Deducting “Other” Business Expenses


The mysterious “other.”

Some tax deductions are not mentioned by name on a tax form but can still be quite valuable to a taxpayer. If you own a trade or business, you can deduct a number of expenses under the broad category of “other.”

In general, taxpayers may deduct ordinary and necessary expenses incurred in the conducting of a trade or business. An ordinary expense is common and accepted in the taxpayer’s trade or business. A necessary expense is appropriate for the business.

Although many common expenses are deducted on designated lines of the tax schedule, some expenses may not fit into a particular category. Taxpayers can deduct these as “other” expenses. A breakdown of “other” expenses must be listed on line 48 of Form 1040 Schedule C. The total is then entered on line 27.

Examples of “other” expenses include:

  • Amortization of certain costs, such as pollution-control facilities, research and experimentation, and intangibles including goodwill.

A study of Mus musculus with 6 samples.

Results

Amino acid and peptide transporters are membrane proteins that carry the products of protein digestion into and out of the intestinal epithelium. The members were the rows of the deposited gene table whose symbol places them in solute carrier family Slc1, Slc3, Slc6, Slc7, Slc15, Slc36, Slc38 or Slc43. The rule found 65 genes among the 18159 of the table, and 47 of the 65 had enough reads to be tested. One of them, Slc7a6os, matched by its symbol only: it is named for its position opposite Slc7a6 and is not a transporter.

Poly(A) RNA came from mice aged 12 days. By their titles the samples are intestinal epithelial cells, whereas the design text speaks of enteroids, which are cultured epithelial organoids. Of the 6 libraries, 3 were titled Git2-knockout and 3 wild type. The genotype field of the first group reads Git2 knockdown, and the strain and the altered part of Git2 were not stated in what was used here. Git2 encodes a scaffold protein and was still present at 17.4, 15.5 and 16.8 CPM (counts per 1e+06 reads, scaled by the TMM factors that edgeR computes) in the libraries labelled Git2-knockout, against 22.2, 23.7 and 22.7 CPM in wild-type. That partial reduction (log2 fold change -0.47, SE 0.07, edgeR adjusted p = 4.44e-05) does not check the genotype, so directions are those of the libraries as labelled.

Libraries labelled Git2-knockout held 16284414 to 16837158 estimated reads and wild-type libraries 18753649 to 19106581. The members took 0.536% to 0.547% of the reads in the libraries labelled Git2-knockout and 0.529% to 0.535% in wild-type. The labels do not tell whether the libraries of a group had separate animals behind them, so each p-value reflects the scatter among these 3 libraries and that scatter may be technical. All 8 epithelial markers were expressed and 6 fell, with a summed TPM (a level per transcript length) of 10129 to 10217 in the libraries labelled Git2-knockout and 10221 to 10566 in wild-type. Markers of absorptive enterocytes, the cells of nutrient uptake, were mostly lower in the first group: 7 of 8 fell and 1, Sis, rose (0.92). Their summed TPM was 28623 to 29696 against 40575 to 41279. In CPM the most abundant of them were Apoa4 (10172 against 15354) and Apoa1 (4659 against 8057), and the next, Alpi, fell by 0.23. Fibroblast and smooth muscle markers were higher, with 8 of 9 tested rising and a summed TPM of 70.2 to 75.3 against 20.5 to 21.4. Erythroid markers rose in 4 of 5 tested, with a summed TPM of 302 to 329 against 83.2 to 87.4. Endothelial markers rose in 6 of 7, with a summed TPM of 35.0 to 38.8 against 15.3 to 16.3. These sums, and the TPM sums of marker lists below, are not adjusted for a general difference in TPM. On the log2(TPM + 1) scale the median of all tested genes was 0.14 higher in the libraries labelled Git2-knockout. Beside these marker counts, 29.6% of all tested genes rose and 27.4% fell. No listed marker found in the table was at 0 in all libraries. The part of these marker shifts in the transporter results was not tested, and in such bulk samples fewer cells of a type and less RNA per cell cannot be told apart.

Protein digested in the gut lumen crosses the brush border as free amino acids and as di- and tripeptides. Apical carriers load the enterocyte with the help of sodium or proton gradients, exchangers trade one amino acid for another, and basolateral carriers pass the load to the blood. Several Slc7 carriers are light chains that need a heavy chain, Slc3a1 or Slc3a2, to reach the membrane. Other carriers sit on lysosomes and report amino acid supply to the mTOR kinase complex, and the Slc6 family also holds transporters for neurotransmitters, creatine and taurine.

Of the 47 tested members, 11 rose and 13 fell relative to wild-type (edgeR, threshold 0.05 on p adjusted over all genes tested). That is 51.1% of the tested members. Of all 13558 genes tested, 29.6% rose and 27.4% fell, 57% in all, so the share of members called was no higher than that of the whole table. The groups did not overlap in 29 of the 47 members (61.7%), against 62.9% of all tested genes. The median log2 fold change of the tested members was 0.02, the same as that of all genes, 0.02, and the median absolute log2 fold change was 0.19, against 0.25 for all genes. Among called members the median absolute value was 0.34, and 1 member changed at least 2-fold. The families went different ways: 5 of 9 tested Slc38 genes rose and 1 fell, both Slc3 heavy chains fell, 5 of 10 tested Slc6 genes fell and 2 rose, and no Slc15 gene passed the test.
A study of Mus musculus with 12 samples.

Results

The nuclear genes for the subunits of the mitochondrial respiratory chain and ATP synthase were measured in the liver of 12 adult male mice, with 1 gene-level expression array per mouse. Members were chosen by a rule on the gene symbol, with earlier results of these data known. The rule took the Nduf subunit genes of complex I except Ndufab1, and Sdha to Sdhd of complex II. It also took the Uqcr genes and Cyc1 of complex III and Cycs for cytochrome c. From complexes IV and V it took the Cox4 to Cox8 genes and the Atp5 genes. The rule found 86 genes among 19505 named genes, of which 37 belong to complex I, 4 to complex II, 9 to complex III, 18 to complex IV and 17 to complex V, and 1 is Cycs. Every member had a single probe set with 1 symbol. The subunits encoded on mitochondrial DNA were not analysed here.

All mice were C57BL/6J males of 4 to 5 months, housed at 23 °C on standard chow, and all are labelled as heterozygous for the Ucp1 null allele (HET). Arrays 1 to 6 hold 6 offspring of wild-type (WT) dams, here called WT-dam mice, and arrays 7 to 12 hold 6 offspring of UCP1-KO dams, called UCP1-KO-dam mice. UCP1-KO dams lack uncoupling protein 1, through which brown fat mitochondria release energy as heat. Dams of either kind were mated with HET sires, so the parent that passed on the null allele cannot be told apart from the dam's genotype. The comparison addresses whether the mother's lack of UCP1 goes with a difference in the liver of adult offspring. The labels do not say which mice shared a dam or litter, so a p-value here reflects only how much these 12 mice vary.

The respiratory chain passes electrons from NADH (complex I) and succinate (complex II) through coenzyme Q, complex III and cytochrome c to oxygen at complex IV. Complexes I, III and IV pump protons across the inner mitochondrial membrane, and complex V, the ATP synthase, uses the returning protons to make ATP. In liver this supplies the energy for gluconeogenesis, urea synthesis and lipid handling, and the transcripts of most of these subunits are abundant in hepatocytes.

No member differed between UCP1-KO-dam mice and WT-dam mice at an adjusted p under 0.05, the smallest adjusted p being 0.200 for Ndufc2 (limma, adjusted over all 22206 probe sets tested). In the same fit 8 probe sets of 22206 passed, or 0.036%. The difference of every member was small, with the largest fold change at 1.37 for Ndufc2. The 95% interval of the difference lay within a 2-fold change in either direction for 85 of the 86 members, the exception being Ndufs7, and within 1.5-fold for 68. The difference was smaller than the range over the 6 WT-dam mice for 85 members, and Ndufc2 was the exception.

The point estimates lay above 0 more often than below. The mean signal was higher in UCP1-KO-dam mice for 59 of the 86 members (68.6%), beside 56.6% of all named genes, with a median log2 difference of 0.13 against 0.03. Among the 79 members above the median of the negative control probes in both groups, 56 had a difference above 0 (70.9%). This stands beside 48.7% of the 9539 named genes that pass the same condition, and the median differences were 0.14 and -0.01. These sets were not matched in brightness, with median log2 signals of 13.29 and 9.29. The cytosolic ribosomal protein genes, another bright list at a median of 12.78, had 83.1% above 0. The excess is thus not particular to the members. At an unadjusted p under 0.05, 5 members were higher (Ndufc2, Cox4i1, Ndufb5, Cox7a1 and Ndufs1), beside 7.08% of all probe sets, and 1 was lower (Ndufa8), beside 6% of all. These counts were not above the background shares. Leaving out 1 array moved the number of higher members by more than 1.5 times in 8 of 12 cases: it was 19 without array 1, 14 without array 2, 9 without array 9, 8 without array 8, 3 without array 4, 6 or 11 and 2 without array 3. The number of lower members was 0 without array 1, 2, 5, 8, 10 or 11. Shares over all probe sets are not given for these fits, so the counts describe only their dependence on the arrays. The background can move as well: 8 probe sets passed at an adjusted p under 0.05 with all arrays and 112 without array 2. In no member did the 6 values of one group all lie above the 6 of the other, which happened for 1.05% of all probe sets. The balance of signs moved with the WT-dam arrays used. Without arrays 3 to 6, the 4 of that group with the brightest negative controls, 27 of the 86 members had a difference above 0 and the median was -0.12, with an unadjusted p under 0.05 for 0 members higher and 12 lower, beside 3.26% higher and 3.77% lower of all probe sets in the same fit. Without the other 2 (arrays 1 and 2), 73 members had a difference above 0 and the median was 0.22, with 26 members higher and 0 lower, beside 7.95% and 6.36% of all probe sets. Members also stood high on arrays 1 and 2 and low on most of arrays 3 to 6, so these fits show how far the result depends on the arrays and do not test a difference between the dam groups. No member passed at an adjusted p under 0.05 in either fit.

• Bad debts. Business bad debts must be directly related to sales or services provided by the business, must have been previously included in income and must be worthless (non-recoverable). If a taxpayer deducts a bad debt expense and later recovers it, the amount must be included in income in the year collected.
  • Business start-up costs. These are costs related to creating an active trade or business, or investigating the creation or acquisition of an active trade or business. Generally these costs are amortized. However, taxpayers who started a business in 2006 may elect to deduct up to $5,000 of certain start up costs, subject to limitations. Refer to chapter 7 of Publication 535, Business Expenses, for more information.
  • Gulf Opportunity (GO) Zone clean-up costs. Fifty percent of qualified clean-up costs for the removal of debris from, or the demolition of structures on, real property located in the GO Zone which are paid or incurred in 2006 are deductible as “other” expenses. The property must be held for use in a trade or business, for the production of income, or as inventory.

Personal, living and family expenses, do not qualify as deductible “other” business expenses.

The post Deducting “Other” Business Expenses first appeared on Advisors to the Ultra-Affluent – Groco.